Trump Chooses Exxon Mobil CEO Rex Tillerson as Sec. of State

As announced Tuesday, Trump has officially nominated Rex Tillerson for the position of Secretary of State (sorry Romney).

Trump referred to Tillerson as “one of the truly great business leaders of the world,” citing his relationships with world leaders and his experience running a “global enterprise.”

Exxon Mobil may be the sixth largest company in the world – but it isn’t a country – and many are questioning Trump’s choice. On top of that is Tillerson’s close relationship with Vladimir Putin, a fact senators must take into consideration – especially after the CIA’s recent affirmation that Russia was likely involved in the US presidential election – as they decide whether to approve or reject the nomination.

Tillerson’s years of work in Russia and the Middle East seem to have created a bipartisan hesitancy, but some lawmakers have hinted they will support him now that Trump has made a decision.

“I look forward to supporting his nomination,” said Senate Majority Leader Mitch McConnell (R-KY).

Florida Senator Marco Rubio isn’t so sure. “The next secretary of state must be someone who views the world with moral clarity, is free of potential conflicts of interest, has a clear sense of America’s interests.” Along with Oklahoma Senator James Lankford, Rubio has called for a “thorough” vetting process for Tillerson. 

The Senate Foreign Relations Committee, of which Rubio is a member, will have to approve Tillerson before the decision goes to the floor. Tennessee Senator Bob Corker, another member of the committee who was also a candidate for secretary, calls Tillerson an “impressive individual” with “an extraordinary working knowledge of the world.”

Tillerson was first brought to Trump’s attention by former Defense Secretary Robert M. Gates, whose consulting firm has Exxon as a client. Trump and Tillerson hit it off from their first meeting, each recognizing similarities in the other.

Tillerson “would bring to the position vast knowledge, experience, and success in dealing with dozens of governments and leaders in every corner of the world,” says Gates.

The oil titan also has the support of former Secretary of State Condoleezza Rice, who calls him a “patriot” who would “represent the interests and values of the United States.”

Tillerson is a Texas native. He was born in Wichita Falls and attended the University of Texas, where he earned a degree in civil engineering. He graduated in 1975 and joined Exxon that same year as a production engineer. He moved upwards through the company over the next three decades, finally reaching the position of president in 2004. 

The various positions he has held within the company have allowed him to cultivate relationships with many world leaders not only in Russia but also in Yemen, Saudi Arabia, and Qatar.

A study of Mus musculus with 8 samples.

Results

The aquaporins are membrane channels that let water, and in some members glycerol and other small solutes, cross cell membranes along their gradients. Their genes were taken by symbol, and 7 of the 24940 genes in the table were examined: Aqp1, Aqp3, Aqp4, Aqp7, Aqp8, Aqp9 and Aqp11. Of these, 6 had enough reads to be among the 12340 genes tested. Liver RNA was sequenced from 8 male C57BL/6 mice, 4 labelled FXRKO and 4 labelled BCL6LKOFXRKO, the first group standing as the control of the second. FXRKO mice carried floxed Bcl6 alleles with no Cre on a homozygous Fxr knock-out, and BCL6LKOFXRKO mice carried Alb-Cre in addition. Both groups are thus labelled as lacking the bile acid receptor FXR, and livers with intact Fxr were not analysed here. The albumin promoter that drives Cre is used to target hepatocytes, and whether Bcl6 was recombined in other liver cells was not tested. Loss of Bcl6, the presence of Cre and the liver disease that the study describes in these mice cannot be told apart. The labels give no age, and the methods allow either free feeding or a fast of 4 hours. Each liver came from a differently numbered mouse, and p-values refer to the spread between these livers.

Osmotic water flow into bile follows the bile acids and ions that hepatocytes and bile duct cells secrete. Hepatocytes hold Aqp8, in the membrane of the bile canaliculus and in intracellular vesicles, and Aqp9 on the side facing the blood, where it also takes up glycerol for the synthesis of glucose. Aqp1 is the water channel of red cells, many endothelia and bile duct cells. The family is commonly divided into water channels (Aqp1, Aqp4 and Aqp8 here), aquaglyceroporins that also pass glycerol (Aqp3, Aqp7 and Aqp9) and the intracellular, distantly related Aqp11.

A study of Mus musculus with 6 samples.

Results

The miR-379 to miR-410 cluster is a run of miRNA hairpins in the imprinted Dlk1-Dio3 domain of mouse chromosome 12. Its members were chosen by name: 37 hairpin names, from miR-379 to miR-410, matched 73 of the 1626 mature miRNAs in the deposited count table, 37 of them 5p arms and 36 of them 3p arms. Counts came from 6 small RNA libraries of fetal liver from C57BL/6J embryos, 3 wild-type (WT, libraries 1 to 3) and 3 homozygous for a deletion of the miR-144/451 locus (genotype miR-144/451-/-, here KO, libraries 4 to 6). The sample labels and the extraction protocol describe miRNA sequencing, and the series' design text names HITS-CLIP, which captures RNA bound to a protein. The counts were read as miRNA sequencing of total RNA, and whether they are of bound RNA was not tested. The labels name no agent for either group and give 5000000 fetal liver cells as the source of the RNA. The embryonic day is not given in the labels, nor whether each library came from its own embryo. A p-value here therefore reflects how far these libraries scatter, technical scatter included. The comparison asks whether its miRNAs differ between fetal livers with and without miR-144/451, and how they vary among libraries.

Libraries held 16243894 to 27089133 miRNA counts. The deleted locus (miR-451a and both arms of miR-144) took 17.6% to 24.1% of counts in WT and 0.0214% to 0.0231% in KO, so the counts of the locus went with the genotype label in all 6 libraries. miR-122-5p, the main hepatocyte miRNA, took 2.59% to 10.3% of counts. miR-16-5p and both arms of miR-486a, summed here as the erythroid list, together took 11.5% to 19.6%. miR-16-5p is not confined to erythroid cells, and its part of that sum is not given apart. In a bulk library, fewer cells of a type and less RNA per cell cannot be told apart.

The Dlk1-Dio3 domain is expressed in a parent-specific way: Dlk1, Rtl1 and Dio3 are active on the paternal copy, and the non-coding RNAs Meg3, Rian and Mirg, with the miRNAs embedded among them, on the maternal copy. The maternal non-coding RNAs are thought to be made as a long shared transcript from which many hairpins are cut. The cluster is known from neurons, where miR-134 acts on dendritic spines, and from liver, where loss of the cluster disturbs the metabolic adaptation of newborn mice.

If elected, the 64-year-old oil executive plans to focus on restoring America’s credibility on the global stage. “We must focus on strengthening our alliances, pursuing shared national interests, and enhancing the strength, security, and sovereignty of the United States,” said Tillerson.

David Mortlock, a former member of Obama’s National Security Council, points out that a Tillerson nomination would continue a trend started by Hillary Clinton:

“It ironically continues something that really started in the Clinton State Department, which is economic statecraft and the fact that US CEOs, US companies have been some of our best diplomats overseas and the US brand is an important part of US diplomacy and US representation.”

One of the first things on Tillerson’s plate, should he win Congressional approval, will be deciding whether to lift the economic sanctions that were imposed on Russia after it annexed Crimea and supported insurgents in Ukraine.

These sanctions had a serious effect on Exxon, which had just begun to explore a new find north of Russia in the Arctic’s Kara Sea. Exxon also runs a profitable operation in eastern Russia and had agreed to pursue shale oil regions in West Siberia and the Black Sea.

As secretary, Tillerson would also have to deal with climate issues. Unlike Trump, he believes climate change is a fact and supports a revenue-neutral CO2 tax of more than $20 per ton. Even so, Exxon has come under fire by environmental groups claiming that Exxon deceived the public for years by hiding its findings on man-made climate change.

Some are still angry with Exxon about the Pegasus pipeline rupture of 2013 that leaked over 130,000 gallons of oil into Arkansas.

“We’ll just make sure that every senator understands that they own this guy if they vote to confirm him,” says climate activist Bill McKibben. “That they own his policy, they own his corporate past, they own his ties to Russia. It’s all part of the big deal.”

Human rights organizations have also found fault with Tillerson, uncomfortable with the fact that Exxon does business in nations ruled by dictators or autocrats.

Meanwhile, when asked about Tillerson’s nomination, the Kremlin suggested the oil executive’s friendly attitude towards Russia will not influence policy.

“As to the allegations of whether his attitude to the Russian Federation is good or bad: being Secretary of State is very different from leading a company, even a very big one. Therefore, any, so to speak, sympathies become secondary,” explained Kremlin spokesperson Dmitry Peskov.

Editor’s note:  Tillerson is getting support from some who have been less than supportive of Trump, including former Secretary of Defense Robert Gates and Condeleeza Rice. This is a serious choice.